Africa is Leading the World in Plastic Bag Bans

Posted By Renita Reed on Jul 22, 2019 |


In Discipling Marketplace Leaders, we teach that every Christian should have a quadruple bottom line:  social, economic, environmental, and missional. All four are important.  But the one that is often the most difficult for people to understand is the environmental bottom line.

Thomas Aquinas said, “Any error about creation also leads to an error about God.”

We forget how intimate the relationship between God and the Earth is, and how it has been entrusted to us to “work and care” for it (Genesis 2:15).

About two years ago, when I landed in Kenya, everyone on the plane was warned not to take plastic bags off the plane and into the country, as those bags would attract a fine of $38,000 USD and four years in jail.  Quite an incentive to lose those bags!  It was amazing to see the plastic bags flying out of the carry-on bags.  We waded through knee-deep piles of plastic bag waste as we disembarked.  I was so proud of Kenya.

As of June 1, Tanzania has also started a plastic bag ban.  There are now 38 countries in Africa that have banned plastic bags.  Africa is leading the world in plastic bag bans (according to Quartz Africa).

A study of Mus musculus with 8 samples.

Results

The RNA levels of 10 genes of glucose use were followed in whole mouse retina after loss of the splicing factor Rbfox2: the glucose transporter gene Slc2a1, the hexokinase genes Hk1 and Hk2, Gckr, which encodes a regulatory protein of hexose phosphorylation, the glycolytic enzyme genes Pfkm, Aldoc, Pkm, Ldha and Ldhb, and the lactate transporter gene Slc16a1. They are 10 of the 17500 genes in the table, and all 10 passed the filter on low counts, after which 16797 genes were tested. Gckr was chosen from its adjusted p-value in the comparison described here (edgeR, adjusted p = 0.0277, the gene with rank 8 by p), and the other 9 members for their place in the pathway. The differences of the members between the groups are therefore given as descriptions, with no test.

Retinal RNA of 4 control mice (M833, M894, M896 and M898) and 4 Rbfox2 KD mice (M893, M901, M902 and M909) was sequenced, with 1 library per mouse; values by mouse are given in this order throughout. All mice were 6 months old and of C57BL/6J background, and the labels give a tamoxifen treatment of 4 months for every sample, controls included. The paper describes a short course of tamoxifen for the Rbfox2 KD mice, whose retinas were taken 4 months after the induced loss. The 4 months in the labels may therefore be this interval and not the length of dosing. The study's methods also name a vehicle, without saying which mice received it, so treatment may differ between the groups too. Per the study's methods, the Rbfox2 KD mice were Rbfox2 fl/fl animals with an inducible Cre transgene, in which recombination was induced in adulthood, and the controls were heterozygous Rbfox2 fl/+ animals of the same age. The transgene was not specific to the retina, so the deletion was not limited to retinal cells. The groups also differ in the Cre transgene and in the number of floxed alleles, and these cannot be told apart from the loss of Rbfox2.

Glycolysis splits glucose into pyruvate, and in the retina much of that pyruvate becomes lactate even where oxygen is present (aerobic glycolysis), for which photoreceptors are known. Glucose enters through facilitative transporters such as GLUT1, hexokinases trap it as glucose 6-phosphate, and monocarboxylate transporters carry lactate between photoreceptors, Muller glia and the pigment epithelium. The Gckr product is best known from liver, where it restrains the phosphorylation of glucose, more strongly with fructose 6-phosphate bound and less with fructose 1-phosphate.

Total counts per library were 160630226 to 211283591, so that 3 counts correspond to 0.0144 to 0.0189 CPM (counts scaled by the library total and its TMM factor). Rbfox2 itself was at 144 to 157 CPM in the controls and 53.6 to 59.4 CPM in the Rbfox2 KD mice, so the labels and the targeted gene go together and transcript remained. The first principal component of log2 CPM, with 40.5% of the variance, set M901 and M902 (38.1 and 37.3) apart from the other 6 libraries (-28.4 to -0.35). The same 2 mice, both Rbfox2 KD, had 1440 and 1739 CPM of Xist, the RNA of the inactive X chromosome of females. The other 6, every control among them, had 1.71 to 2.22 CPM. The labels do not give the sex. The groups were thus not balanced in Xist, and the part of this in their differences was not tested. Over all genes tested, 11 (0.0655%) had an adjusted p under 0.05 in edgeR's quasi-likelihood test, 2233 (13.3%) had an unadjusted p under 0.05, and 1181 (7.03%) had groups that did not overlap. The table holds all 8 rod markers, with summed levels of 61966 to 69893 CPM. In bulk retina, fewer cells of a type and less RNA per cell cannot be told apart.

Rwanda is looking to be the first plastic-free country.  They started their plastic bag ban in 2008, and Kigali is said to be Africa’s cleanest city.  Kenya talks about how much cleaner the country is without plastic bags blowing around.

About 40% of solid waste in Africa is burned, which ends up in toxic pollution, causing asthma, heart disease, and other long-term medical issues.  Of the nine billion tonnes of plastic ever produced, only 9% has been recycled.  By 2050, if things do not change, there will be 12 billion tonnes of plastic litter (according to the UN Environment Programme).

Ghana, which now claims to have Africa’s fastest-growing economy, struggles with frequent floods because of the plastic bags which clog up sewers and gutters.

Governments are paying attention to these challenges and there is a growing movement towards getting rid of single-use plastic, especially.  Bans on plastic straws and plastic cutlery are joining the banning of plastic bags in some places.

The higher the income and rate of urbanization, the greater the amount of solid waste that is produced.  On average, in high-income countries (for example, the US), it is 4.6 pounds per day per person (or 2.2 kg).  Less than one-quarter of that amount is recycled.  The rest ends up in landfills.

However, with China no longer buying the recycling from the US, much of the recycling from the US is also ending up in the landfill.

How I wish that the US would also ban plastic bags and take significant steps toward reducing the use of single-use plastic.

If you are concerned about this for yourself, take an assessment of how much solid waste you are producing every day and try to reduce it.  Take a careful look at single-use plastic especially (plastic wrap, straws, chip or snack bags, candy wrappers, etc) and see if there are alternatives.

Additionally, I have signed a petition for Michigan to ban plastic bags.  If you google your own city, state, or country, you will also find actions that you can join.

Let’s join Africa in creating a healthier community and world for future generations!